As a millennial woman living in the Northeast who identifies as a Republican, 26-year-old Jordan Evans is already considered a rare breed by some. But when you add to the mix that she's an openly transgender GOP elected official, it should come as no surprise that she's no stranger to puzzled looks.
"I get questions from the transgender community and from the Republican party," she told Refinery29. "The same general feeling is there: I can’t believe you exist."
Some organizations have deemed 2017 "The Year of the Trans Candidate." Election Day proved huge for the community: We saw candidates who were open about their gender identity win up and down the ballot, in many cases making history. And even though most of those who won identified as Democrats, it was an emotional experience for Evans.
"To see that, in the era of an administration that has so frequently enacted policies that have tried to set back the trans community, we were able to pull a historic win like that, means a lot to me," she said. "As a trans elected official, it’s lonely because there's so few of us and we carry the community. Sometimes, it’s a hard thing to do. As of Tuesday night, it’s become so much easier because our family became bigger."
In 2015, Evans was elected to fill a vacancy on the Charlton Public Library’s Board of Trustees in Charlton, MA. She was still not publicly out then, but in January 2016 she decided to disclose that she is a transgender woman. She said that people in the town were supportive. Her constituents re-elected her to a full term as a trustee and also elected her as town constable. "I was running on the things that mattered to me," she said. "If someone wanted to ask me about being trans, that’s fine. But that’s just one part of me."
Of course, not everyone within the party is supportive. Throughout her political career, Evans has occasionally faced sneers and rude questions from local and regional GOP members. At the state level, we've seen efforts to block people from going to the bathroom that corresponds with their gender identity. And the Trump administration has enacted several policies that can be harmful to the community — from determining that protections against workplace discrimination don't apply to transgender folks to banning them from serving in the military. For Evans, these policies go against what the party is supposed to champion.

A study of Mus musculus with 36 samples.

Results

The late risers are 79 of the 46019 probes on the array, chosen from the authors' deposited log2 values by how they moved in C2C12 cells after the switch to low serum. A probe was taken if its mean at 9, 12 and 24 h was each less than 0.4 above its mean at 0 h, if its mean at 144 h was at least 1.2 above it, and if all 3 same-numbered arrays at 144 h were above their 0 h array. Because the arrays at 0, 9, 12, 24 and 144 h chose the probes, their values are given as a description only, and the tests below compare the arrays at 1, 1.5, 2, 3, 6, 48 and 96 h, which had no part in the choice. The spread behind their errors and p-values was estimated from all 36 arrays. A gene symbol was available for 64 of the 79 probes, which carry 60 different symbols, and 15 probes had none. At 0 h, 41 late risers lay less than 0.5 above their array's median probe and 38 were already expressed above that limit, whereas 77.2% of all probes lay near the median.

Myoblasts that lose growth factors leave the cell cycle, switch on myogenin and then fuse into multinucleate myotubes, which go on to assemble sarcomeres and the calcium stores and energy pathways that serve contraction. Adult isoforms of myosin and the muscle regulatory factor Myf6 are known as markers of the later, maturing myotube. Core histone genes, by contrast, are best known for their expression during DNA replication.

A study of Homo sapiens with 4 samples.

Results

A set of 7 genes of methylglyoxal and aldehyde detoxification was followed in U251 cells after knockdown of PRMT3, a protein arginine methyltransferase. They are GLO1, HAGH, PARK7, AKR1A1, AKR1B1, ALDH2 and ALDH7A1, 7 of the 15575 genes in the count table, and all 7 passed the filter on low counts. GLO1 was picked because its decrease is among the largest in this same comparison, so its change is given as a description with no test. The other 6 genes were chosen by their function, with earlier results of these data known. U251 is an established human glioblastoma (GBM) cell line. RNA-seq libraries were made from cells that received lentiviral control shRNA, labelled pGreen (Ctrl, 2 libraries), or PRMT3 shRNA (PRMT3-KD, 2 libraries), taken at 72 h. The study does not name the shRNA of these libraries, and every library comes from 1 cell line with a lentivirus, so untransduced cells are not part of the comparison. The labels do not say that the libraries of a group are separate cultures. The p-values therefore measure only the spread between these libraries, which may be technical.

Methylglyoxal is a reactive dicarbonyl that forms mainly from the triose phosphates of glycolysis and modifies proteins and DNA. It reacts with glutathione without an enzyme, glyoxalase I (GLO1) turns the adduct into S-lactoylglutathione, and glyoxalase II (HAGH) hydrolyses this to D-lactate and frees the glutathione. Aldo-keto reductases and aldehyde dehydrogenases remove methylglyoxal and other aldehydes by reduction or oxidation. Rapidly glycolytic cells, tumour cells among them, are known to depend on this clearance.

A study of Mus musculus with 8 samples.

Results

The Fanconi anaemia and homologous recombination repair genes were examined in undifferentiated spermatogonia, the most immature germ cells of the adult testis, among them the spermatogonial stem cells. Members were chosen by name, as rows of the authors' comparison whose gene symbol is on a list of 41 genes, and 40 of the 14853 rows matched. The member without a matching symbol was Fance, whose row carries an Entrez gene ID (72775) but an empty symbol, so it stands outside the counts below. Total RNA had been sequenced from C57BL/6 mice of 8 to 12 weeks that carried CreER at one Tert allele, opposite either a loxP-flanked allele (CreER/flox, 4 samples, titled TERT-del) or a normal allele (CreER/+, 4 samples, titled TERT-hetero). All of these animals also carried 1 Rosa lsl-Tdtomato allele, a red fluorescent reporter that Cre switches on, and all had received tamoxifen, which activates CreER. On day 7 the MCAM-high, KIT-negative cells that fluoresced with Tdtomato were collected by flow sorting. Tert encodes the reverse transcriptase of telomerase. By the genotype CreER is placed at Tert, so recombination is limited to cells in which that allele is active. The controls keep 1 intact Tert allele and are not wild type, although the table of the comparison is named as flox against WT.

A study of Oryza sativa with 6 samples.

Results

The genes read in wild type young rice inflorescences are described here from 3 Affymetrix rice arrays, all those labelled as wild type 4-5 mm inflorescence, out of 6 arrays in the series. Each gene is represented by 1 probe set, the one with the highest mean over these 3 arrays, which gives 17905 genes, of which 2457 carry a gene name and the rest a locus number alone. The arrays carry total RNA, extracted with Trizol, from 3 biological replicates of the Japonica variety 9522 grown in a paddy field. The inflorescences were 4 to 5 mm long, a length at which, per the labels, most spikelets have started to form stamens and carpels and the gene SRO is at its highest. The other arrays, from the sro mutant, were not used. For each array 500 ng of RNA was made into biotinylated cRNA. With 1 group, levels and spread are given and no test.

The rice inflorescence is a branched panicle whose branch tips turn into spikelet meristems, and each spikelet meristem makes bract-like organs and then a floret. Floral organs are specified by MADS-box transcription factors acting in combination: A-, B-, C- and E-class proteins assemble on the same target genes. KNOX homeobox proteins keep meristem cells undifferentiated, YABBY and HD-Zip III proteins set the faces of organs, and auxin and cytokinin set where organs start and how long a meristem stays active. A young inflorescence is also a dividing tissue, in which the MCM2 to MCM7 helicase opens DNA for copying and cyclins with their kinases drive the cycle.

"There is a wing of the Republican party, the one now calling the shots, that espouses values that I think are contradictory to what Republicans claim they stand for: This notion of compassionate behavior; responsible, small government; the individual," she said. "And it’s hard to show your stance for the individual when you’re actively advocating for policies that seek to disenfranchise and discriminate against an entire demographic of people."
Evans sometimes clashes with members of the transgender community who can't seem to understand why she would belong to a party that actively legislates against her interests and humanity. But she thinks that as a public official, she has to do what's best for her town, and that her identity uniquely positions her to change hearts and minds in the GOP from the inside. For example, during the Conservative Political Action Conference (CPAC) earlier this year, Evans not only protested Education Secretary Betsy DeVos' actions on protections for transgender students, but used the opportunity to engage fellow conservatives in dialogue on the issue.
“I have the policies and positions that are best for my district at home, that I feel resonate from where I come from, and that will make my community a stronger place," she said. "I understand the criticism and concerns from those in the trans community who think that I’m helping the enemy or engaged in activities that are antithetical to our community. But I feel like I have a unique opportunity to hold those who are hurting us responsible and reach out to those who actually support LGBTQ rights."
But with great power comes great responsibility, and being a Republican transgender woman trying to change certain views inside the party is not always easy. She said she's asked herself a lot of times whether there's a line in the sand that if the GOP crossed would lead her to abandon the party. On one hand, sometimes she said she just wants to throw up her hands and leave. But on the other, she feels she might be "too libertarian and too right-leaning" to join the Democrats. So, for the time being, she is staying.
"If I ever get to a point where I feel there's nothing more I can do, or that the party decides that being anti-trans is a calling card for how they think they will win elections, that's another issue," she said. "But as of now, I still feel there's people I can reach. I still feel there's more I can do. I still feel that I can work with people in the GOP."
She added, "I do what I do because I care about my community — both where I live and my community as a trans woman. Whatever my future brings me, I want those communities to know that I have their interest at heart. I want to see a better country for all of us."
Gender and sexual orientation are both highly personal and constantly evolving. So, in honor of Transgender Awareness Week, we're talking about the importance of language and raising the voices of the LGBTQIA community. Welcome to Gender Nation, where gender is defined by the people who live it. Want to learn more? Check out our Gender Nation glossary.